It's around this time of year when Vanessa Beard hopes for a white Christmas.
"Christmas is important to me," she says as she walks around her home in Keansburg, N.J.
"I look forward to it. Every year we go out on black Friday and pick up a Christmas tree and decorate the house."
Not this year. Instead, Beard says she's preparing her four children (7-year-old twins Shane and John Paul, 3 year-old Gianna and 2 year-old Aiden) for what she calls the "Sandy Christmas," which to many on the Jersey Shore means no Christmas at all.
In fact, Beard isn't even allowed back into her home, which was flooded and then condemned after the October superstorm. Many of her belongings and valuables are still strewn over her backyard.
"It's really tough knowing that my children aren't going to be able to have Christmas this year," she says as she steps over garbage bags of rotting debris. “It's hard to explain to them.”
And the Beards are not alone. Many residents of shore communities are so destitute they can’t afford clothing much less presents for Christmas.
"It’s a real tragedy,” says fellow Jersey Shore resident Jackie O’Leary. “No one should be deprived of Christmas, especially those who are suffering.”
It’s a sentiment that lead O’Leary and neighbor Stephanie Frederick to start Operation Jersey Shore Santa.
“Right now we have the luxury to think of the holidays,” says Frederick. "These families don't. They worry about their homes and cleaning it up and we want to be the ones thinking of the holidays for them.”
For weeks, O’Leary and Frederick have been collecting hundreds of gifts for Sandy victims. “It’s really amazing the response,” says O’Leary. “A lot of people want to help.”
“There are so many children who are affected,” adds Frederick, “and we want them to have a nice holiday, so we jumped on it and started this organization to help those families in need."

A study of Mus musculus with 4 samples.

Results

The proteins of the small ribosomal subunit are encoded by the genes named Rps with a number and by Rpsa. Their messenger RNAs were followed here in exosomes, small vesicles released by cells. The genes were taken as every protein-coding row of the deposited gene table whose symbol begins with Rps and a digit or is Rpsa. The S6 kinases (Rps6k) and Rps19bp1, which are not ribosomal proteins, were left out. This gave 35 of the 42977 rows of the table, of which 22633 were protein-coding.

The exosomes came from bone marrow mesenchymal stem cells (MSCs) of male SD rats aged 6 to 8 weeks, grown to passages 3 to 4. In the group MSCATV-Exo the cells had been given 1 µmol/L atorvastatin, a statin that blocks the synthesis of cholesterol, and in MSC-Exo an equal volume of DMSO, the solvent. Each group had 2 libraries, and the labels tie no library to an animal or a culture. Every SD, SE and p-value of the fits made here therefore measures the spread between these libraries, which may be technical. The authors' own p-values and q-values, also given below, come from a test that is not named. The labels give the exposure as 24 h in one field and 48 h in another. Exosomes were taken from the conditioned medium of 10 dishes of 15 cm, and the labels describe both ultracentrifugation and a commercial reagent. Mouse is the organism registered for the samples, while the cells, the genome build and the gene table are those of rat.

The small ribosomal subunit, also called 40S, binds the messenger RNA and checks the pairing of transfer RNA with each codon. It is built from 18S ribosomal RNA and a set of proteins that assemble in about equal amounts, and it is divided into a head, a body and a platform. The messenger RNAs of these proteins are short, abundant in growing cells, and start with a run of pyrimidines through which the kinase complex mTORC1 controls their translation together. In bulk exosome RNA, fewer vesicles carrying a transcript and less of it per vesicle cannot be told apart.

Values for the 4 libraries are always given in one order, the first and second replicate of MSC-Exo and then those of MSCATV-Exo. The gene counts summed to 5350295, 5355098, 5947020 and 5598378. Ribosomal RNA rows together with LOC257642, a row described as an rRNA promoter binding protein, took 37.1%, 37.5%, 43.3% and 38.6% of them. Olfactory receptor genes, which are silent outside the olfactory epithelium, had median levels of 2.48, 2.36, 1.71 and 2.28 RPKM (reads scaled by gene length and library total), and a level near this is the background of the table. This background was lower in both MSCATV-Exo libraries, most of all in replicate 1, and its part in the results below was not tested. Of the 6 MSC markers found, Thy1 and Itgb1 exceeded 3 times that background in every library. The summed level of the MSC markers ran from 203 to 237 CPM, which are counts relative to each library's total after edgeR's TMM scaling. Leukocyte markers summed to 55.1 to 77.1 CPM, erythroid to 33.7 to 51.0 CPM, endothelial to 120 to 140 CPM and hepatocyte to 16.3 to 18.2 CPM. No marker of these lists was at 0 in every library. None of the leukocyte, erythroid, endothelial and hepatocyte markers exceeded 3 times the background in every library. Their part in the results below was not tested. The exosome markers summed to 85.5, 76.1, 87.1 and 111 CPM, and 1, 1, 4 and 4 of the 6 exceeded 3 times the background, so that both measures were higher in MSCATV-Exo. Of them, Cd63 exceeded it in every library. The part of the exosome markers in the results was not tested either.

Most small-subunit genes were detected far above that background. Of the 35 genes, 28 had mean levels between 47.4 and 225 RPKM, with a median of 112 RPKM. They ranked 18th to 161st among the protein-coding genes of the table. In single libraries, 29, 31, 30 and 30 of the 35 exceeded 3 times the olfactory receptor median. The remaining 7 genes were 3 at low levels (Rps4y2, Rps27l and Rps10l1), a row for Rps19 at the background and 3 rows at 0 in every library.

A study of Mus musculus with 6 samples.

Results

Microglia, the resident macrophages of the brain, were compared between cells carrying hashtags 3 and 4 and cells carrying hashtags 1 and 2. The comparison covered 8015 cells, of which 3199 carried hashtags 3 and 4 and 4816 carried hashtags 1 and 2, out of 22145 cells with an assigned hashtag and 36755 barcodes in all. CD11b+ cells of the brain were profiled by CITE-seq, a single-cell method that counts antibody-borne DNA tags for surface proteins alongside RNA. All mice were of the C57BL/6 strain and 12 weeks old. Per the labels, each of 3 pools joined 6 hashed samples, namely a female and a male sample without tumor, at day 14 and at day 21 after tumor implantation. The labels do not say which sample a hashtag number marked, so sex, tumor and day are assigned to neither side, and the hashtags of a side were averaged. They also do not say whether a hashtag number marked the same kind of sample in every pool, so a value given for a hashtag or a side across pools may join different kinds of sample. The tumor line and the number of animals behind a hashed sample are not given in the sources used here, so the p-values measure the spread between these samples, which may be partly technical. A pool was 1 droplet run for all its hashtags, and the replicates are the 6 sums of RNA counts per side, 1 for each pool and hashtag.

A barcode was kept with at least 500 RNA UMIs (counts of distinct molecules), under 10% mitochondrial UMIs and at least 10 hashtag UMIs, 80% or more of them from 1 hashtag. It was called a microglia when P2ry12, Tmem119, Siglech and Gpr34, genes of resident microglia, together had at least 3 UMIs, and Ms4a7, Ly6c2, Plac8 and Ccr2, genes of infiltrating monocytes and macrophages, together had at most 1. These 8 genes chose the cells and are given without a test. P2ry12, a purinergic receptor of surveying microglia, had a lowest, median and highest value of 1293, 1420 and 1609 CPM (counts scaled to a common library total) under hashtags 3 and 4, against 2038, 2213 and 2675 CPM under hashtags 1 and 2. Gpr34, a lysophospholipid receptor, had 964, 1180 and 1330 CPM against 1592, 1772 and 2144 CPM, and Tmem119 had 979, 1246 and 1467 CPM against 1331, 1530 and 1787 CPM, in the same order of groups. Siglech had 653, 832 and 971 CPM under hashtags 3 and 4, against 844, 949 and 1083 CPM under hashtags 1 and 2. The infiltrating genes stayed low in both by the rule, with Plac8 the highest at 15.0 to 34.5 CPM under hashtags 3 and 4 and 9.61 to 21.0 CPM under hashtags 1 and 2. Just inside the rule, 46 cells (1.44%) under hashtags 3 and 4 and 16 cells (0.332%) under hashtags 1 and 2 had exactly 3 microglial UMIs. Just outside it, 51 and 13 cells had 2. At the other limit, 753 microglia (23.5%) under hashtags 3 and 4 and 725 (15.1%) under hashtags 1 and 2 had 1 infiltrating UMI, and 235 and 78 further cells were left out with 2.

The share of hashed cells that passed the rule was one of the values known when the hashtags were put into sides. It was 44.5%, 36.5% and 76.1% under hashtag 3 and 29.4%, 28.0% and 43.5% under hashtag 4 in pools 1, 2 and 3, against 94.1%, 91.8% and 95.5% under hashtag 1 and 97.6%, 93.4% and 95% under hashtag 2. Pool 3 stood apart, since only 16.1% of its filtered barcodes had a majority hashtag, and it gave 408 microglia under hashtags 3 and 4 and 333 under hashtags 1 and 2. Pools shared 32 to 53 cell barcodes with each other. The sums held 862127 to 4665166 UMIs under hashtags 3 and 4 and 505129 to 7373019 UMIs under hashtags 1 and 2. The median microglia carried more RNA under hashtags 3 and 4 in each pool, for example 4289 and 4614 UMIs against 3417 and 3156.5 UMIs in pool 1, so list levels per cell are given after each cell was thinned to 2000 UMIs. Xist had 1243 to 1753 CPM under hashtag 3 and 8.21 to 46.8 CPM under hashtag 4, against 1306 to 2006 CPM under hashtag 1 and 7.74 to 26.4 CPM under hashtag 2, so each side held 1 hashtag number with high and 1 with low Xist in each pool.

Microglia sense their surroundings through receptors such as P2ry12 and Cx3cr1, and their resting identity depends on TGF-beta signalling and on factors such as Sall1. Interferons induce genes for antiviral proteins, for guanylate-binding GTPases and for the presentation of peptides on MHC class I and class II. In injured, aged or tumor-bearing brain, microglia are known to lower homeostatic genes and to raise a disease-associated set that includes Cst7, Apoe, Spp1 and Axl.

Frederick says she was recently driving through the nearby beach community of Union, where she saw home goods scattered everywhere.
“Amongst the couches and everything, I saw a doll,” she says. “And it was just muddy laying there, and right then it hit me I need to do something for the children.”
She says there are a lot of organizations on the Jersey Shore that are trying to provide clothing and shelter to hurricane victims. And rightly so. But “no one is thinking about the holidays. I felt we needed to make sure these families have presents for Christmas,” Frederick says.
She says trying to help others has turned the tragedy around her into something positive.
“I tell everyone it feels so corny, but I feel so alive right now.”
In fact, she says, Jersey Shore Santa may have changed her life.
"I never felt like I knew myself. I kind of slipped into it and it feels amazing. And, quite frankly, I can't see myself doing anything else now.”
It’s also changed the lives of Beard’s four children, who are now preparing lists for Santa.
“I want a Power Ranger,” says John Paul. “I want a remote-control car,” says Shane,” adding, "I just want to make sure Santa makes it to my home.”
And thanks to Jersey Shore Santa, he will.
Anyone who wants to donate a toy can visit: http://www.operationjerseyshoresanta.org.